Intimidated by Asia? Tips and Destinations That Make Your First Trip Easier

Some travelers are utterly fearless, plunging into new destinations without much thought about how things will work out after they arrive. But not every traveler feels comfortable doing that, and taking on a destination that’s much different from home can feel daunting. For a lot of American travelers, Asia has enormous appeal but a significant intimidation factor. If you’re one of those travelers, you can still live out your dream to visit the continent – all you need is a little perspective on how to make it possible.

There are two major factors that come into play: where you go, and how you travel.  Here are some tips that will help make your first trip to Asia not just possible, but unforgettable.

How to Travel:

Be part of a tour. Group tours have evolved by leaps and bounds over the years, so don’t assume you’ll be part of a throng following a guide waving a flag. Whatever your interests, desired activity levels or budget, there are tours available that will be the right fit for you. The best part is that you’ll be able to leave the translations, bookings and potentially confusing scheduling to the pros – all you need to do is relax and enjoy.

Try a shorter trip first. Asia, for U.S. travelers, requires some long flight distances and times, so it’s easy to want to add extra days to your trip to make the most of it. However, a shorter trip can let you get your feet wet, instead of jumping all the way in. That first introduction, even if it’s brief, will help build your confidence and help you see what you like and don’t like.

Avoid overloaded itineraries. If you aren’t affected by time changes and the effort of getting to Asia, you’re in the minority. Chances are, you’ll feel tired – so take it easy. Rather than jamming 10 things into each day, opt for one or two sights and give yourself time to just be calm and enjoy where you are.

Where to Travel:
Royal Palace [Seoul, South Korea]

Seoul, South Korea | Seoul has so much to offer travelers, which is a good reason why it’s gaining prominence among East Asian destinations. Easy-to-use and budget-friendly mass transit makes it simple to get around, plus there are an abundance of arresting sights to explore, like the Gyeongbokgung Palace and its grounds. With great food, great shopping and a welcoming population, Seoul makes a great first stop in Asia.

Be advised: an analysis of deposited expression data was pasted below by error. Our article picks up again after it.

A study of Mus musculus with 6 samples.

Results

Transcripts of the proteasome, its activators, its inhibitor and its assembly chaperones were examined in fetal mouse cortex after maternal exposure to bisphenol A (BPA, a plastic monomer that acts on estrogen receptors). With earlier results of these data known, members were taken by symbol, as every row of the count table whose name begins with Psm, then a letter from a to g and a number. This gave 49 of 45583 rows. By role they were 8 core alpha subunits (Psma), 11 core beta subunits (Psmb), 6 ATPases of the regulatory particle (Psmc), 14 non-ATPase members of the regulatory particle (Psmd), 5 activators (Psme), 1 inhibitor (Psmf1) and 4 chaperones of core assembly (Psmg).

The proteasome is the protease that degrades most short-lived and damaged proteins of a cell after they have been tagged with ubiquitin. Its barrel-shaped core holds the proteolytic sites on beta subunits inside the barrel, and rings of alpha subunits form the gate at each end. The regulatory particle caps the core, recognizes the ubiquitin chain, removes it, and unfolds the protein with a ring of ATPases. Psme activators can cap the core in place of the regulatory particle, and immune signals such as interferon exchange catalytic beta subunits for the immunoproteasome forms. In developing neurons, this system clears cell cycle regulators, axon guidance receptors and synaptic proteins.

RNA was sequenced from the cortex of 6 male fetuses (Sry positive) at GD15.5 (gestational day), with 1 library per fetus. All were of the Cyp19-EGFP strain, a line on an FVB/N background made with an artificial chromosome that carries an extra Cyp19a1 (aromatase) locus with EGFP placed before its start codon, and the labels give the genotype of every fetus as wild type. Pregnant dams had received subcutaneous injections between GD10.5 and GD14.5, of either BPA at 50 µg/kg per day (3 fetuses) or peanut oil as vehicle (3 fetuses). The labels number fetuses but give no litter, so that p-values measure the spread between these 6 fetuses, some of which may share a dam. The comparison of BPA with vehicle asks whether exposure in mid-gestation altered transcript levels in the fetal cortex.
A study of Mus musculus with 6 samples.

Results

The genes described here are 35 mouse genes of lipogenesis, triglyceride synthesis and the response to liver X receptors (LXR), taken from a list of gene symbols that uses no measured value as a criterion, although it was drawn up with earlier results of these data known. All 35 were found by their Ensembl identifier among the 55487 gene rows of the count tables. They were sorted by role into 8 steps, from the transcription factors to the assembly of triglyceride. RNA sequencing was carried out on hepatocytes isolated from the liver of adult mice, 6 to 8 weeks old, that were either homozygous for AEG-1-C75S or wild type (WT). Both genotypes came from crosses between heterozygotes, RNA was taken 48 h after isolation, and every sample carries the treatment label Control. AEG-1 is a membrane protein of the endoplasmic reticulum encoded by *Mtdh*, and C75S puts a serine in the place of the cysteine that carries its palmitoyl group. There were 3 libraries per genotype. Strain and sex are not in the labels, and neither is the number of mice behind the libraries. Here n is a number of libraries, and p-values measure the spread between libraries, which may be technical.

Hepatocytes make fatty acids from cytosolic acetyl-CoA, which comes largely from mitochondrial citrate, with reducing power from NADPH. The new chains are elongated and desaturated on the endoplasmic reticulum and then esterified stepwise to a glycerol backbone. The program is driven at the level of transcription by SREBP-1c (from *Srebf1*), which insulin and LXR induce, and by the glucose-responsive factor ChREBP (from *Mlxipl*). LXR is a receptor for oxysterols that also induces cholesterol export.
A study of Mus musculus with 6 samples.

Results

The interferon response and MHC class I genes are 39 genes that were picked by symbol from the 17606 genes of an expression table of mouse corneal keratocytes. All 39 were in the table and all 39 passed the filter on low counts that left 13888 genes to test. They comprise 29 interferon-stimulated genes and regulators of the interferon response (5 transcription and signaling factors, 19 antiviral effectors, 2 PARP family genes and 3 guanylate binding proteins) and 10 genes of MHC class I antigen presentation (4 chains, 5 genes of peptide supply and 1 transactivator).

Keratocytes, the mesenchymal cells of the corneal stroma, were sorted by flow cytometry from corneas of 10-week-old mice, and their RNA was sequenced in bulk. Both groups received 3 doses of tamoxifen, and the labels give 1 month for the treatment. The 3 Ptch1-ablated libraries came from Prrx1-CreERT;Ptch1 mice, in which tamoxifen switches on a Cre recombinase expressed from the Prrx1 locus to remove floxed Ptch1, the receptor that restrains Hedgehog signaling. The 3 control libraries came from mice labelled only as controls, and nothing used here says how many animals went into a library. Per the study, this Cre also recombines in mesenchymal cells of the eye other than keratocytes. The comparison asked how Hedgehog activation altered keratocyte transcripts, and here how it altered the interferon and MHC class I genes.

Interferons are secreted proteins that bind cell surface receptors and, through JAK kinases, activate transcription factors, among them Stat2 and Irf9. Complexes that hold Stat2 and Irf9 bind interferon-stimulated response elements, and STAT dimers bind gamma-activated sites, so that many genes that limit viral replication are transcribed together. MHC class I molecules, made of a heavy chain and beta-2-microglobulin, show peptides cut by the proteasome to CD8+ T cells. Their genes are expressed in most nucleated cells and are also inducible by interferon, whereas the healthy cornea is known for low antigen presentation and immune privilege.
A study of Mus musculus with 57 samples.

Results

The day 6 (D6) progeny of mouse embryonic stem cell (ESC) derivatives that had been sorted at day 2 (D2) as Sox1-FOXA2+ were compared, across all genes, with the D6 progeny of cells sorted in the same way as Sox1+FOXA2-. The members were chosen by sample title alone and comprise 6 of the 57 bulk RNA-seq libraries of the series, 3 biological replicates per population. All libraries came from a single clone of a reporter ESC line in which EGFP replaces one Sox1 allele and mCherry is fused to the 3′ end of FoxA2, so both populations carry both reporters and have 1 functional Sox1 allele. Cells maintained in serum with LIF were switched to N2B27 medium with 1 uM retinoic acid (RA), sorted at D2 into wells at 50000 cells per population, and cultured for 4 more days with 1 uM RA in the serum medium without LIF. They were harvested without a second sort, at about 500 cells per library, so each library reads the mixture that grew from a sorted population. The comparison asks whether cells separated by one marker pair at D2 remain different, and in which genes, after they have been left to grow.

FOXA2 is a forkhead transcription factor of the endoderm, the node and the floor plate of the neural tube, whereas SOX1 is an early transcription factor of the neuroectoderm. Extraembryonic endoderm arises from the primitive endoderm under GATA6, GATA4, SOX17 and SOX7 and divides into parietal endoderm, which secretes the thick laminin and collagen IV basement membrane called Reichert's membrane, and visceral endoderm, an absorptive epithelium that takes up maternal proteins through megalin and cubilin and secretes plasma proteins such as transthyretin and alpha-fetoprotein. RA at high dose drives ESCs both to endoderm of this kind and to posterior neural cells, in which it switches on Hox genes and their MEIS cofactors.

Hong Kong [China]
Hong Kong | This former English colony is now technically part of China, but as part of a unique (and somewhat confusing) “One Country, Two Systems” principle. All that aside, Hong Kong’s fast pace and diverse culture gives you the chance to see a lot in a short amount of time. If you love New York’s energy but want to experience that exhilaration in a whole new way, make Hong Kong your destination.

Thailand | Whether you opt to go to Bangkok, Chiang Mai and the northern part of the country, or the islands, Thailand provides a warm welcome. The country’s nickname is the “Land of Smiles,” and you’ll see why as you meet people on your travels. Tourism infrastructure here is highly developed, so you’ll find hotels, restaurants and services that cater to travelers of all levels of experience. Explore temples, ride an elephant or simply chill out on the beach – Thailand will let you do it all.


Gina’s first solo trip abroad, at age 16, changed her life. Since then, travel has been her passion and it’s her mission to convince others that they really can make travel a part of their lives. These days, she seeks out destinations where she can indulge her taste for adventure and shop for additions to her textile collection. Some of her favorite experiences from recent trips have included eating bun cha in Hanoi and feeding hyenas in Ethiopia.

Gina’s Favorite Travel Tip: When traveling abroad, learn enough of the language to be polite (hello, thank you, goodbye) and to shop and haggle (numbers and colors).